A large multi-discipline, multi-national engineering firm asked our assistance as the managers struggled with a compensation plan that had become increasingly de-motivating to the firm's leading practitioners.

The firm had evolved over several decades from a small partnership to a large, complex organization that still maintained its legal structure as a partnership. A remnant of its early days, when the goal was to encourage retiring partners to keep their money in the firm, was a compensation component that allocated 75 percent of distributable profits to partners equity, including that of retired (but not divested) partners. This led to retired partners' having a larger and larger percentage of the firm's overall profit, with the newer, active partners collectively having minority ownership. The younger partners who were leading the firm and leading the work saw most of the profit they generated going to the retired partners' capital accounts. The situation threatened to fragment the firm.

Another problem was a salary structure that encouraged moving into management roles rather than remaining as client and project oriented practitioners. While the shift made sense when first instituted to encourage moves by some into management roles, the pendulum had swung too far, with one member of the firm's leadership group noting that the firm had made "mediocre managers out of good practitioners".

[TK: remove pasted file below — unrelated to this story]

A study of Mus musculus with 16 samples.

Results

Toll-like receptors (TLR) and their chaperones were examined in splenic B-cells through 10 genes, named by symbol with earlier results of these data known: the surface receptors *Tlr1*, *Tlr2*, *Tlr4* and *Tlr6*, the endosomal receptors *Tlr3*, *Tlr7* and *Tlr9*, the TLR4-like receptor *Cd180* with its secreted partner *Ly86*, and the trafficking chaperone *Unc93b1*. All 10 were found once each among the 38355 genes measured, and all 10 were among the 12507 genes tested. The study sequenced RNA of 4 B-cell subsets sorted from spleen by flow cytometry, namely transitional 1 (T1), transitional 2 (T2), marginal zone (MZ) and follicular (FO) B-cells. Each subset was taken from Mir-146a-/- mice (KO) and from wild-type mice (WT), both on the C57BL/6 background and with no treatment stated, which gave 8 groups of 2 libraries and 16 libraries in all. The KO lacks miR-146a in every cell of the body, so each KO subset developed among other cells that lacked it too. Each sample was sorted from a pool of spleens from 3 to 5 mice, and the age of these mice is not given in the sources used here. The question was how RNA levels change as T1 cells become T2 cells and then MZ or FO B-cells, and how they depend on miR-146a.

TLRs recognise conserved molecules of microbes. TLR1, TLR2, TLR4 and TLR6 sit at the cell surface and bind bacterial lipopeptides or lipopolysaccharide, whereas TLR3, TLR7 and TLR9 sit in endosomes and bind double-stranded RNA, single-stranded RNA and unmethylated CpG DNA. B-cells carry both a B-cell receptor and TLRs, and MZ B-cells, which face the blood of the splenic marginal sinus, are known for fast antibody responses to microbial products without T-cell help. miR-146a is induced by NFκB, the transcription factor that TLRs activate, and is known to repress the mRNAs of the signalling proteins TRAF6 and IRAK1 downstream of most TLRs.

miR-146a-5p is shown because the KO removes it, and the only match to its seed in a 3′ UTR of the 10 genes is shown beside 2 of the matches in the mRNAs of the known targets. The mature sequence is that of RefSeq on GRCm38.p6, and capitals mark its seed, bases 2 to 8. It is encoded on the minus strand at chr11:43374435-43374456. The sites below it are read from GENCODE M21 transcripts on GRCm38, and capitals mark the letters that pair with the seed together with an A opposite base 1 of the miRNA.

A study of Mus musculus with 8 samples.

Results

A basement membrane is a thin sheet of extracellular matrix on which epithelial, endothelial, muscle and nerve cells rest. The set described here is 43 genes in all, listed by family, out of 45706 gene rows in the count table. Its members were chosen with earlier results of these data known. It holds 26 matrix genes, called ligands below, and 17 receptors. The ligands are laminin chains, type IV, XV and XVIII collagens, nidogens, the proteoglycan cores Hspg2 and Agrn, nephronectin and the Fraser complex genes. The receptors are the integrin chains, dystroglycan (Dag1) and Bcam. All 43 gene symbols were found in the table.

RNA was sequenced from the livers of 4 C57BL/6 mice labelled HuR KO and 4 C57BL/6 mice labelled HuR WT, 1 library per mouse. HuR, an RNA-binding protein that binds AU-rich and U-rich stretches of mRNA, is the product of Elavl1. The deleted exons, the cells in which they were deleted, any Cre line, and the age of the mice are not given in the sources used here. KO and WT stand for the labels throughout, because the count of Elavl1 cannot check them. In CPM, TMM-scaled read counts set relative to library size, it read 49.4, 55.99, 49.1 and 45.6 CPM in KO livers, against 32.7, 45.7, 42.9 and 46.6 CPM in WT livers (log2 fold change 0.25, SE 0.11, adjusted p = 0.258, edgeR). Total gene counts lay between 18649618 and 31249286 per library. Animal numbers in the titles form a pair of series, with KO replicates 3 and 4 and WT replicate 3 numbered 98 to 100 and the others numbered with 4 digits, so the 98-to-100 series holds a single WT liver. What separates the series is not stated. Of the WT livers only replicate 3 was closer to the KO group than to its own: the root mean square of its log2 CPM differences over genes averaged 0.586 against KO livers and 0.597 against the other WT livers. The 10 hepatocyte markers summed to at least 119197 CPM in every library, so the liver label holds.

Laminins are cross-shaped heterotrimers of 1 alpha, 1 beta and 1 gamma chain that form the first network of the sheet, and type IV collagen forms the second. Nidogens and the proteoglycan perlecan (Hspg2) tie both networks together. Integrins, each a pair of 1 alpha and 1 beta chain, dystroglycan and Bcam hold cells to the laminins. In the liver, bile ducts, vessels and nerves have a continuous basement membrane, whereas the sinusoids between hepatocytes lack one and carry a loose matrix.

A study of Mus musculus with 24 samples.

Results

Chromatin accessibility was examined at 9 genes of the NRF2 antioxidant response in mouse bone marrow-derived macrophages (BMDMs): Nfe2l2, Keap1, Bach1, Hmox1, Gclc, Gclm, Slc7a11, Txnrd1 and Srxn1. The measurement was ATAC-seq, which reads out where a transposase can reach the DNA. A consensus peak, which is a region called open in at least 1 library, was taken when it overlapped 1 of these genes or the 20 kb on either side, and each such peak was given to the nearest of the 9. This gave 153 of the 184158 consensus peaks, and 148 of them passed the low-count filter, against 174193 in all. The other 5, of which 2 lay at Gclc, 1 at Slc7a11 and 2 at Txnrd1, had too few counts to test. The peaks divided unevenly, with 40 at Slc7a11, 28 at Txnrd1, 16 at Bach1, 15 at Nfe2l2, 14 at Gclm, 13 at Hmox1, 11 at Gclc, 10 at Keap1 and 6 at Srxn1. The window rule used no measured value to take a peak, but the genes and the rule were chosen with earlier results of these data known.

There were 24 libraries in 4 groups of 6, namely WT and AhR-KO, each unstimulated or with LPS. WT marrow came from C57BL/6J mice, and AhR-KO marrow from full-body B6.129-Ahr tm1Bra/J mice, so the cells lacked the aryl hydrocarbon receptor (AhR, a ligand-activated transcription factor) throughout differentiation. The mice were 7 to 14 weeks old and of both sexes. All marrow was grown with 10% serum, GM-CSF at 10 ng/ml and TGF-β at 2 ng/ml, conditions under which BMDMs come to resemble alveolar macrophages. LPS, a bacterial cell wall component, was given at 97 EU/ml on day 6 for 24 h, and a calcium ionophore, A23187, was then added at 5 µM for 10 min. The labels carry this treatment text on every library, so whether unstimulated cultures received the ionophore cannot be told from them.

A third problem was that bonuses were based primarily on current year profitability generated by market sector groups, which tended to discourage new initiatives that were likely to generate future profits.

We explored these issues in conversations with leaders, managers, and practitioners and then developed several compensation options based on various alternatives for salaries, performance bonuses, and return on ownership equity. We then met with the firm's Compensation Group and helped them decide on a salary structure that recognized marketplace value, a bonus plan that encouraged both near-term profitability and investment in efforts that would lead to future profitability, and a shift in the components to performance bonus and return on equity.

The most noticeable result was a soaring of profitability from below 5 percent to over 16 percent in the first year that sustained for several years, even though the market entered a downturn and the firm expanded considerably.

Some observations:

  • Compensation can indeed dramatically affect performance.
  • Directing too much of the profits to benefit ownership at the expense of those active owners actually generating the profit is not a sustainable model.
  • Even in a large firm, keys to sustained success are continuous focus on client satisfaction, project quality, efficient delivery, and profitability.